Eve D’Souza: A day in the life of 'Varshita' actress
By Annie Awuor
5 months ago | 5 min read
Who is Eve D’Souza now?
I am an introvert living an extrovert’s life. Contrary to Varshita, who I play on TV, I am by nature reserved and prefer a quiet, simple life.
I avoid conflict, which is not always healthy or helpful. I think one of my biggest flaws is being a people pleaser, which I am definitely working on.
When I compare who I am today in my 40’s to who I was in my 20’s, it hits me how worlds apart we are! I still had a lot to learn in my 20’s about working through my insecurities and fears.
I was a mess emotionally but I feel it was inevitable. I experienced a horrific and traumatising carjacking and rape attack at 25. It made me build up my walls even higher. To this day I still do not trust or let people in easily.
Do you believe you are in a better place today?
At 42, I feel grounded and centered. I am a lot surer of myself, even though I have my own quirky way of working or accomplishing goals. I have confidence in my abilities.
I do not seek outside validation as much, whether it is through social media, my lifestyle, or what family and friends think of me (good or bad). It is a very dangerous place to be when you look to others to approve what we do or who we are.
What do you do for a living?
I am the co-founder of Moonbeam Productions alongside the phenomenal TV Producer and my dear friend Lucy Mwangi.
In the past 10 years, we have produced and developed shows such as Travel Diaries, Mentality, Auntie Boss, Varshita and Njoro wa Uba.
You had some new projects lined up for 2021, tell us about that?
My husband and I relocated to Dubai at the end of 2020. It is when I decided to focus on online courses and work towards creating content for YouTube.
I figured I would be able to travel to Kenya when an acting role came up. I did not expect that to happen this year! It was very special for me to play alongside Jimmy Gathu and Sanaipei Tande on the TV series Kina.
Also, Moonbeam has just wrapped up the production of its first-ever film, which we are so excited about. Look out for it.
What is the experience of living in Dubai?
My husband, Simon, consults in oil and gas and his company office is based in Dubai. When the pandemic made travel difficult, we made the decision to relocate. I never thought I would love living in
Dubai as much as I do. I was apprehensive at first as I thought it would be too ‘glitz and glam’ and a superficial type of lifestyle that I was very uncomfortable adapting to.
I am pleasantly surprised at how comfortable, but down to earth, our life is here. The move has also had a positive effect on my mindset, I am now very keen on health and fitness, self-development, reading and studying online.
I appreciate the break from filming non-stop, so I can for once focus on learning and other things I am passionate about.
What do you love about living in Dubai?
I will be honest here, as much as I will always love Kenya, for the first time in my entire life, I feel safe. That is the greatest gift Dubai has given me.
I feel a lot more relaxed and this has impacted my well-being in many ways. Following the attack in my 20’s, I had nightmares right up until mid-last year. They have stopped for now and I am working on fully healing from that experience.
You got married last year in a very private and intimate event, what was your favourite thing about the day?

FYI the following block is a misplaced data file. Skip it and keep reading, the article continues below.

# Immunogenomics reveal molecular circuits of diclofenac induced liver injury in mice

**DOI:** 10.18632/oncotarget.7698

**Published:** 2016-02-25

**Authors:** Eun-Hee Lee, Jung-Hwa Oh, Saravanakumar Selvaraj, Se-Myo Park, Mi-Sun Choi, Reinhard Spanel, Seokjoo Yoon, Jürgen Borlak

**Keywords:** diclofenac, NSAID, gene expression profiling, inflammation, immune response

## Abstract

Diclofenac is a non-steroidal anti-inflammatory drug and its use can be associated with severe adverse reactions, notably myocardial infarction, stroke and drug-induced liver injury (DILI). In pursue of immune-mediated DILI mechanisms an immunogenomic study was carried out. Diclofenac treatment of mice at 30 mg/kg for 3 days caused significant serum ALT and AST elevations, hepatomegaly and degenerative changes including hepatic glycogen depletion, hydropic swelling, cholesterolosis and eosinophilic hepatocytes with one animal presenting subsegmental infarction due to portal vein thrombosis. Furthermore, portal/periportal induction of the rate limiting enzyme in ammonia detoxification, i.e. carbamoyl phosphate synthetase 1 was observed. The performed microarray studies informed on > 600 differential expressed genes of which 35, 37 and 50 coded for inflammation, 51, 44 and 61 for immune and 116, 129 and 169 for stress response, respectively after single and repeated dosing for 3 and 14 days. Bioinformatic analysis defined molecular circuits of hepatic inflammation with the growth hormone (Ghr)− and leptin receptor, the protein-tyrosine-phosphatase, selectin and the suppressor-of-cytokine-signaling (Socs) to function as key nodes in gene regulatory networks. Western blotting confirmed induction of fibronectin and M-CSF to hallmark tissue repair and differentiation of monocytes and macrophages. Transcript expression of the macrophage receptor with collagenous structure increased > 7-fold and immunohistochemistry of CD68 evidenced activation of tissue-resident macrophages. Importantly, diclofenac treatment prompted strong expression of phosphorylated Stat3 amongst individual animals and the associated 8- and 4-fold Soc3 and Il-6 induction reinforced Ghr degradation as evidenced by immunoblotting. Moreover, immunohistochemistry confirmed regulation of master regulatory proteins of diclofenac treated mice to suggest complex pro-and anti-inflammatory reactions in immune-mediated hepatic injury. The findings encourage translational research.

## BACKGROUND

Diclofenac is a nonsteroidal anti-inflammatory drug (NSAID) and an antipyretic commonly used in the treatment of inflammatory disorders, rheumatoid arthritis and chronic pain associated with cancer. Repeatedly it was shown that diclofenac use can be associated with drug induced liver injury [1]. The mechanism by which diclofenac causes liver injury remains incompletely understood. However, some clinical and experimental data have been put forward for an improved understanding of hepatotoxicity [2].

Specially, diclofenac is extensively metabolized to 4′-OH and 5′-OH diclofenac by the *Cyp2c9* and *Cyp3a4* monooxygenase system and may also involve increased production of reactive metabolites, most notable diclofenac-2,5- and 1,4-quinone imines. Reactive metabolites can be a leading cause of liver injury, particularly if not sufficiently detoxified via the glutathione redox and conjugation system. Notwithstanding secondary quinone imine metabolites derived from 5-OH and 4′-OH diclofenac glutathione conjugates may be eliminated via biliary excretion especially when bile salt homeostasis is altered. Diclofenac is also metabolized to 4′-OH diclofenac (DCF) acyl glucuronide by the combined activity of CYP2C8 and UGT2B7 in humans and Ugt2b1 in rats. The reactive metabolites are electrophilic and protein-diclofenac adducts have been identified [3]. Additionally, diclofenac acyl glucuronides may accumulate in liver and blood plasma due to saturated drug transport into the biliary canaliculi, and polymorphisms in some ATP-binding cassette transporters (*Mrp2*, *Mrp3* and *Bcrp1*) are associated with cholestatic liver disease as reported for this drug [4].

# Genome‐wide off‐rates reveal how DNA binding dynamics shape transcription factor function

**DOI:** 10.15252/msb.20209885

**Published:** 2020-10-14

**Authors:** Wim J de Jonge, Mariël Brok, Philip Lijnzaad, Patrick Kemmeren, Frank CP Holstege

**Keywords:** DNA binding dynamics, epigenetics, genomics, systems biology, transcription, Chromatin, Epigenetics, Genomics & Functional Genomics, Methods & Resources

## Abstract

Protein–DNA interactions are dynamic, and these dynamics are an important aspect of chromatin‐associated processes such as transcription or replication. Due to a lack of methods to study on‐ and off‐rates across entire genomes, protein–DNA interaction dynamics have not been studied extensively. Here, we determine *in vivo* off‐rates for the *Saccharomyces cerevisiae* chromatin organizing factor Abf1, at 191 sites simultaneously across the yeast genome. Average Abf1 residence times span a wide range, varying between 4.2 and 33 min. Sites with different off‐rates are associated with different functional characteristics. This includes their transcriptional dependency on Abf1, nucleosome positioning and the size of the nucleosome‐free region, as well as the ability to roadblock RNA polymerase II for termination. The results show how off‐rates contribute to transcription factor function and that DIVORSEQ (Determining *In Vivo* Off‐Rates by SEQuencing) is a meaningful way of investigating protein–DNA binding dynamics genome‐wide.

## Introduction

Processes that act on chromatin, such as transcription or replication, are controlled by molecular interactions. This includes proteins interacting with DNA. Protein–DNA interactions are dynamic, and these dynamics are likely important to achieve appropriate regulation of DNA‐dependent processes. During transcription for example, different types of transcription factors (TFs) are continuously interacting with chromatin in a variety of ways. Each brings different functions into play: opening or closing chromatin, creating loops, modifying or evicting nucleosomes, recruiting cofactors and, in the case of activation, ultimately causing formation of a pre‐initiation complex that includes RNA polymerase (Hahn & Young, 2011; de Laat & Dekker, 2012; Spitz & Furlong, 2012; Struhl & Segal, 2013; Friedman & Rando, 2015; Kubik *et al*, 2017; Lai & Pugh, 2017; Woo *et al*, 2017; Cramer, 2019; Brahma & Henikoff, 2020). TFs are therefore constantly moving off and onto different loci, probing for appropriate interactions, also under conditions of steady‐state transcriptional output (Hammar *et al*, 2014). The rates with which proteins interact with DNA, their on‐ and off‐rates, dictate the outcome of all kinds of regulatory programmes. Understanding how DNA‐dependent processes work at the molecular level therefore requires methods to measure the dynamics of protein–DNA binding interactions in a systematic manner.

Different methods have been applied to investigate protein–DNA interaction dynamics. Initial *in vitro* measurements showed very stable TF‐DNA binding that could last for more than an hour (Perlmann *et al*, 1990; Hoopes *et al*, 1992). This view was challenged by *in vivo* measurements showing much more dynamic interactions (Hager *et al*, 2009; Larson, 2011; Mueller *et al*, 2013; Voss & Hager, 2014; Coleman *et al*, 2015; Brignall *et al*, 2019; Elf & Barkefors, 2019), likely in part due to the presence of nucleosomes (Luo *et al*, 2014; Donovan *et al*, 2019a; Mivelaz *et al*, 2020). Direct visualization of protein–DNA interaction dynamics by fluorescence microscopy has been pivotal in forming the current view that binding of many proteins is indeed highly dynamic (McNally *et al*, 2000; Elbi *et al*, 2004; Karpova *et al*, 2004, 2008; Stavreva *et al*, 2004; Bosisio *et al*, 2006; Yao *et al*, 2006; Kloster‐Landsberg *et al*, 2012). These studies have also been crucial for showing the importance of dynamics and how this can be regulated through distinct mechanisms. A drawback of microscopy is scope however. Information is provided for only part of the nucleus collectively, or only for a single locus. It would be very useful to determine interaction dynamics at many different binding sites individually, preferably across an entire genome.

Simon and I had initially wanted a destination wedding in 2020 and thought it was a great idea. Then we started planning it in January and February of 2020 and realised we both felt so stressed and miserable about it.
As much as I have been on radio and TV, I honestly do not like being the centre of attention; we wanted the day to be about us and our union, not a big complicated production.
We cancelled the plans for the wedding and told our family and friends we had decided to do the civil ceremony at Sheria House and then go on a five-week honeymoon.
Then Covid-19 hit. We did have the civil ceremony, which was a lot nicer than I had imagined it would be. I loved how stress-free and how present I was on the day, it really felt very special.
We even had time for a couples massage in the afternoon after the celebratory lunch. I would recommend it to any couple who does not enjoy the circus of a big wedding.
How did you and Simon meet?
We met on a dating app! In early 2018, I told myself I needed to step out of my comfort zone if I wanted my dating life to improve. I just found it very difficult to meet a man I could see a future with.
Maybe I was not ready and had to work through my own baggage or maybe it is just really difficult to date in Nairobi. But I had had enough. I have always wanted companionship, over anything else.
Someone I could share my life with. So even though I knew I was in the public eye, I determined to try something different. I signed up and started swiping right.
We matched on the first day. We chatted via text on the second day and he made me laugh so hard, it felt unexpectedly comfortable. By day three, we had gone on our first date. We dated for a month before making it official. And the rest as they say is history.
You also got married later than the societal expected 20s, what do you believe has been the blessings of the wait?
I was 41 when I got married, and Simon was the same age. Most men are advised to wait to get married until they feel ready, whether that is maturity, financial stability or until they simply feel comfortable with themselves.
Women are not granted the same privilege. The pressure to settle down for women starts in our 20’s and if you hit 30 without a proposal you can be made to feel like you missed your moment. Luckily my family has never pressured me, they understood the importance of marrying for the right reasons.